HSE plans to remove on-site services for severe and profoundly intellectually disabled children


The families of 36 children at Carmona, a South Dublin school for severe and profoundly intellectually disabled children, have been left distraught at the HSE’s decision to remove essential school-disability based services for severely disabled children.

Parents have said they are terrified of the pending systematic removal of all essential onsite disability services by the HSE, which have been provided for the school on-site since 2002.

“This planned change in services is part of the national roll out of the Policy called Progressive Disability Services (PDS) – which is due to commence on the 28 of June 2021. The delivery of services under the PDS model would involve removing all services to an off-site location or the children seeking to qualify for appointments to be facilitated at the school with no permanent team in place,” says Andrew Murnaghan, Spokesperson for the parents of Carmona School, and parent of Helen Murnaghan who attends the school.

(Pictured: Liv Leonard, aged 10)

The current system has ensured effective delivery of disability services to the children with minimal disruption to their school day. This child-centred approach has enabled the children in the school to flourish. Some of the children attending the school are at high risk of aspiration and choking and require round the clock care.

“It is imperative that the current system of permanent onsite practitioners providing disability services remain in place. The changes proposed in the PDS Model will not only have a profound negative impact on the safety, development, education and quality of life of the children, but will be a significant blow to the physical and emotional wellbeing of parents and siblings, and place added pressure on families who have already watched the regression of their loved ones since the schools closed due to Covid-19,” added Andrew Murnaghan.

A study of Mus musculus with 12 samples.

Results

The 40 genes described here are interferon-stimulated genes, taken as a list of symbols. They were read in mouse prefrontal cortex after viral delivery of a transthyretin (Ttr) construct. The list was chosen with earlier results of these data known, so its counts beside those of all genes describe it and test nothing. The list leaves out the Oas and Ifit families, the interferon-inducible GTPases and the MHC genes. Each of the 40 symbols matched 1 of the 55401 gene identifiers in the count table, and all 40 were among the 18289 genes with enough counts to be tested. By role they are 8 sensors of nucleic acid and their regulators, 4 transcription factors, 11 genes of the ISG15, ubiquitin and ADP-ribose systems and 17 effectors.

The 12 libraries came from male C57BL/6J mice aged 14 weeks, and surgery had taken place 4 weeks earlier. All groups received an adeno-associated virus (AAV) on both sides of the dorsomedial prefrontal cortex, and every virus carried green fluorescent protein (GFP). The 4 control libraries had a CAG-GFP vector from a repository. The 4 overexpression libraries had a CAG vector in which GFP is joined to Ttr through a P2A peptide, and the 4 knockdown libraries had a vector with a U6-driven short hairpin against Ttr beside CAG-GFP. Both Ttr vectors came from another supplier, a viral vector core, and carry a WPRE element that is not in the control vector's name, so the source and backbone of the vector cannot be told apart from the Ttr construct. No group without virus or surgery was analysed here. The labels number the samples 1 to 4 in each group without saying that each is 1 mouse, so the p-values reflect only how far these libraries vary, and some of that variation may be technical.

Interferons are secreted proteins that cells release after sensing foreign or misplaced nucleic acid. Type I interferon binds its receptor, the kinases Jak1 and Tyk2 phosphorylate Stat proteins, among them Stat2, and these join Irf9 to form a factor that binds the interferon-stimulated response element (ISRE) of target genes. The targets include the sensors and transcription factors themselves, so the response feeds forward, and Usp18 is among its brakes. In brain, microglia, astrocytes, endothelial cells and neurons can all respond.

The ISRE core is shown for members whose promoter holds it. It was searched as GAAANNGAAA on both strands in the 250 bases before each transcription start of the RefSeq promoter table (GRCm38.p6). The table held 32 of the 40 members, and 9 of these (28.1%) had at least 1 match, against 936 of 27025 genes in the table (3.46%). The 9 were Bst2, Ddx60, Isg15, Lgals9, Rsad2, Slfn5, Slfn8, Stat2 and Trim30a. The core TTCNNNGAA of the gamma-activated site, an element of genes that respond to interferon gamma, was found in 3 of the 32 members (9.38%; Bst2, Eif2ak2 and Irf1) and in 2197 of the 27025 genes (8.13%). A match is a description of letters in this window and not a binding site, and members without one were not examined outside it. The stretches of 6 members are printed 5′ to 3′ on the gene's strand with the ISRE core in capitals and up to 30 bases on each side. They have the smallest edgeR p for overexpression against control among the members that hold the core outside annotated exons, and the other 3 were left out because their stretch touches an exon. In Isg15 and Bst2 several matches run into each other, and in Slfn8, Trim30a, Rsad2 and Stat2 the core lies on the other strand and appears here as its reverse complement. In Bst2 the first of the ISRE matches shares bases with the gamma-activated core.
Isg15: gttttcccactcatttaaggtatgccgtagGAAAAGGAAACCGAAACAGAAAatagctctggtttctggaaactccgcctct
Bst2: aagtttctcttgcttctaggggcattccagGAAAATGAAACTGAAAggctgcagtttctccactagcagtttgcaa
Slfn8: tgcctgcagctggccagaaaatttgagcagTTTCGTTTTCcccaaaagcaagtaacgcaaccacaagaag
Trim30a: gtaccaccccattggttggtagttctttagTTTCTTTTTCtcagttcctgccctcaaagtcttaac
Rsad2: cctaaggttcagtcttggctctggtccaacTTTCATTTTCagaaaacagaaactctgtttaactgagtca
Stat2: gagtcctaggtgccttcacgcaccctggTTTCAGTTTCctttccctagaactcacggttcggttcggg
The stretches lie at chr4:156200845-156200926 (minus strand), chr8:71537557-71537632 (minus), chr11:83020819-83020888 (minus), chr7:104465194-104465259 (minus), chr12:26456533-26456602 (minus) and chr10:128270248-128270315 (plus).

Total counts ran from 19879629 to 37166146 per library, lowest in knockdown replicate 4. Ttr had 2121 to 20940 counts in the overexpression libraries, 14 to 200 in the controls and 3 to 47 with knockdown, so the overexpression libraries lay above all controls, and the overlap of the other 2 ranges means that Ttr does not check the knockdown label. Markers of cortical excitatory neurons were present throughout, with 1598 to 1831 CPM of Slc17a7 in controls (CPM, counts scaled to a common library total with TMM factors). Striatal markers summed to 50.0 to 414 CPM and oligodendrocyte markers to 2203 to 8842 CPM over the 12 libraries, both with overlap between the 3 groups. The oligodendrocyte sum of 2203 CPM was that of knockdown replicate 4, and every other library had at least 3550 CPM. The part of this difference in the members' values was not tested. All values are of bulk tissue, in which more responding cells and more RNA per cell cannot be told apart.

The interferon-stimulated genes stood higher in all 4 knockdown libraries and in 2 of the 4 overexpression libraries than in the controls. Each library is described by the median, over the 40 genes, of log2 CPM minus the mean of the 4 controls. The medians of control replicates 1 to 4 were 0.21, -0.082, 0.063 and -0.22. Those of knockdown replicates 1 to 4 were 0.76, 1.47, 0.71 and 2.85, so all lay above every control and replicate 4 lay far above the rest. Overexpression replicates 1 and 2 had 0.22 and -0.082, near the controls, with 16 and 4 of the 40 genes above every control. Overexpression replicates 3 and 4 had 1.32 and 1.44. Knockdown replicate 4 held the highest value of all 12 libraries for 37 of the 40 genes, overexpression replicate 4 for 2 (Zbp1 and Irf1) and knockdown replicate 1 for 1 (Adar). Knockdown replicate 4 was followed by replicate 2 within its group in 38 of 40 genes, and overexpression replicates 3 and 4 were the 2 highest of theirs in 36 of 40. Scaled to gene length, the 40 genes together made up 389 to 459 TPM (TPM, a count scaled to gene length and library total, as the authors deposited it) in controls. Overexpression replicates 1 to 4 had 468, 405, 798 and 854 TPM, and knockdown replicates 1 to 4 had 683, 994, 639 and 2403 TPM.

The planned changes would have a catastrophic effect on the children and the disability services that they need in order to function in daily life and access the school curriculum

“We urgently request the HSE to recalibrate the PDS Model to recognise the unique and distinct needs of the severely and profoundly intellectually disabled children attending Carmona School,” says Andrew Murnaghan.

“The PDS Model appears to be at variance with the recommendations in the 2009 Report of the National Reference Group on Multidisciplinary Disability Services for children aged 5-18 and international best practice.”

The school have met with and voiced their concerns to the Children’s Ombudsman, Dr. Niall Muldoon, Special Education and Inclusion Minister Josepha Madigan and Equality, Disability, Integration and Youth with responsibility for Disability Minister Anne Rabbitte.

(Pictured: Nathan Monaghan, aged 5)

“We are very grateful for Minister Rabbitte's time and understanding. We are hopeful of a meeting with Minister for Health Stephen Donnelly, in early course.”

“We are not opposed to the PDS Model in principle. It may be appropriate for many children with less complex needs, who will undoubtedly benefit from receiving services in circumstances where they have no services at present. However, we are seeking a proper and fair dialogue with the HSE about the imminent threat to our children’s health. No clinical evidence has been made available to either the school or the parents to justify the decision to remove permanent on-site services for our children with severe or profound intellectual disabilities and other medical and complex needs.”

The therapeutic services that are to be removed include: prevention of choking risks while eating and drinking, chest physiotherapy, management of occupational therapy seating / postural support equipment, essential and specialised orthotic clinics and a hydrotherapy pool. Access to the hydrotherapy pool has an extremely positive impact on the children’s physical and mental well-being -and any loss of that facility would have a significant impact on the children of the school.

“These vulnerable children are non-verbal, we really need them to be heard,” Andrew Murnaghan added.